The first thing I noticed about the WD Black 1TB when I picked it up was the weight. At .69Kg or slightly more than 1½ pounds, it seems a bit heavier than the average drive. I weighed an older Seagate I had lying around and it was half a pound lighter. It's been awhile though since I bought a hard drive, my next biggest drive is only 300Gb, so the extra weight may be common to larger capacity drives due to increased platter count or something similar.
As I mentioned earlier, the WD Black 1TB has pretty standard industry specifications like the SATA 3Gbps interface, 7200rpm spindle speed and the 32Mb of cache, although that last is relatively new. Previous generation drives typically only use 16Mb of disk cache. The rest of the specifications as listed on Western Digital's website are:
Formatted Capacity 1,000,236 MB
Capacity 1 TB
Interface SATA 3 Gb/s
User Sectors Per Drive 1,953,525,168
Height 1.028 Inches
Length 5.787 Inches
Width 4.00 Inches
Weight 1.52 Pounds
Operating Shock (Read) 30G, 2 ms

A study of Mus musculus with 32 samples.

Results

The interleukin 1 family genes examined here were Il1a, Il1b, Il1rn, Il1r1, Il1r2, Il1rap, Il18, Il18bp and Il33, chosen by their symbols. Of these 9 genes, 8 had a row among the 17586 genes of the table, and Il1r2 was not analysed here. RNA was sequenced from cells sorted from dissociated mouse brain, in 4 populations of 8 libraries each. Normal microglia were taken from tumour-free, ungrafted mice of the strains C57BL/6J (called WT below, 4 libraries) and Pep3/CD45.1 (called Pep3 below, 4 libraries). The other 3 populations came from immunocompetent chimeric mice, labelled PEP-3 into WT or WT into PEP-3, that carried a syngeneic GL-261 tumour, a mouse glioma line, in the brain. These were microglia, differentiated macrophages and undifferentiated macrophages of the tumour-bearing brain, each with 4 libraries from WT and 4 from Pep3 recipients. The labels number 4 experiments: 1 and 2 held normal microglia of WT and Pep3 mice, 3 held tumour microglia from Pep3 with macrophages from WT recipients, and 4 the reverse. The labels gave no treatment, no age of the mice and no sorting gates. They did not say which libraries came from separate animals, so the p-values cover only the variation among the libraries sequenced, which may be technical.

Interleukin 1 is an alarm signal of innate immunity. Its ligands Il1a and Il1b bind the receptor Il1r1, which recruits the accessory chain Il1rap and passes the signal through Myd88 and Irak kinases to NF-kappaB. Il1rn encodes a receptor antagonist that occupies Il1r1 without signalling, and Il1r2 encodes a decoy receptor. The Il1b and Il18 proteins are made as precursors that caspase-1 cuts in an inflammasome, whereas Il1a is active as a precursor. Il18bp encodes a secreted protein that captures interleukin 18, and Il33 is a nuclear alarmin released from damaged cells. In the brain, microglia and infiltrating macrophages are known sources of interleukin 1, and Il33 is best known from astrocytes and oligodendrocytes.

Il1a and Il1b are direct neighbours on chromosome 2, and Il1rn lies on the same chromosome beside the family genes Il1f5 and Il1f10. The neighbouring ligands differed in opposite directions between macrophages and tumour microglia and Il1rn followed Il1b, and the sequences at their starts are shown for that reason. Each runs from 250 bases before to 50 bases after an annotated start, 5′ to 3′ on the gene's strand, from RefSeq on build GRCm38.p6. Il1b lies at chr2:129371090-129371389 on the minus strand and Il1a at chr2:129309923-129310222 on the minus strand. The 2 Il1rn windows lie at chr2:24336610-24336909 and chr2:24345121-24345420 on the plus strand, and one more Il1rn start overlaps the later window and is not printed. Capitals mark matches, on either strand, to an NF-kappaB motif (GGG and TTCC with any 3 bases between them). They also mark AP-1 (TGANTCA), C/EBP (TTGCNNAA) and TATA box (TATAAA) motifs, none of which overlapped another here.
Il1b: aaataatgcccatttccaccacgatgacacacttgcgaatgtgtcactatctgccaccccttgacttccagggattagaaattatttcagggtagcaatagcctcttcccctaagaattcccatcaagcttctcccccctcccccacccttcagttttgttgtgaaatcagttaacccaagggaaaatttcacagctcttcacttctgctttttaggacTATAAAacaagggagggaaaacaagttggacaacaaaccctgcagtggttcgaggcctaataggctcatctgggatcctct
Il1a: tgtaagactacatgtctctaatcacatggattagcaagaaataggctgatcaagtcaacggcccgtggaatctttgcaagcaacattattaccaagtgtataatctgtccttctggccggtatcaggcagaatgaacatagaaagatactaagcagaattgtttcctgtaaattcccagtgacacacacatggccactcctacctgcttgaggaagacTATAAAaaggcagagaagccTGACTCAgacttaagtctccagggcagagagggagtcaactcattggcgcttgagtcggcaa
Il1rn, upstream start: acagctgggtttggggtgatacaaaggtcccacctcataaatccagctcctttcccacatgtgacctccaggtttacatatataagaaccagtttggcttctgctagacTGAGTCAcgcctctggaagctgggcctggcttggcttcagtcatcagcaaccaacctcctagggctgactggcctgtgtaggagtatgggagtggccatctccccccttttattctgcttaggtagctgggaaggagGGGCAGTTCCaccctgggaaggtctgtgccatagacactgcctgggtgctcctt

Non-operating Shock 250G, 2 ms
Idle Mode 24 dBA (average)
Seek Mode 0 33 dBA (average)
Seek Mode 3 29 dBA (average)
Operating 32° F to 140° F
Non-operating -40° F to 158° F
The WD Black 1TB is a 3.5" SATA hard drive, meaning it fits in any standard internal 3½" drive bay. For testing purposes I left the drive positioned on its side on my desk outside of the case as I have no free internal drive bays available. I tested the WD Black 1TB as a secondary drive on my nVidia 8200 chipset board, as well as configuring it as the primary system drive on an Intel ICH7-based board.
Next up let's take a look at some performance benchmarks.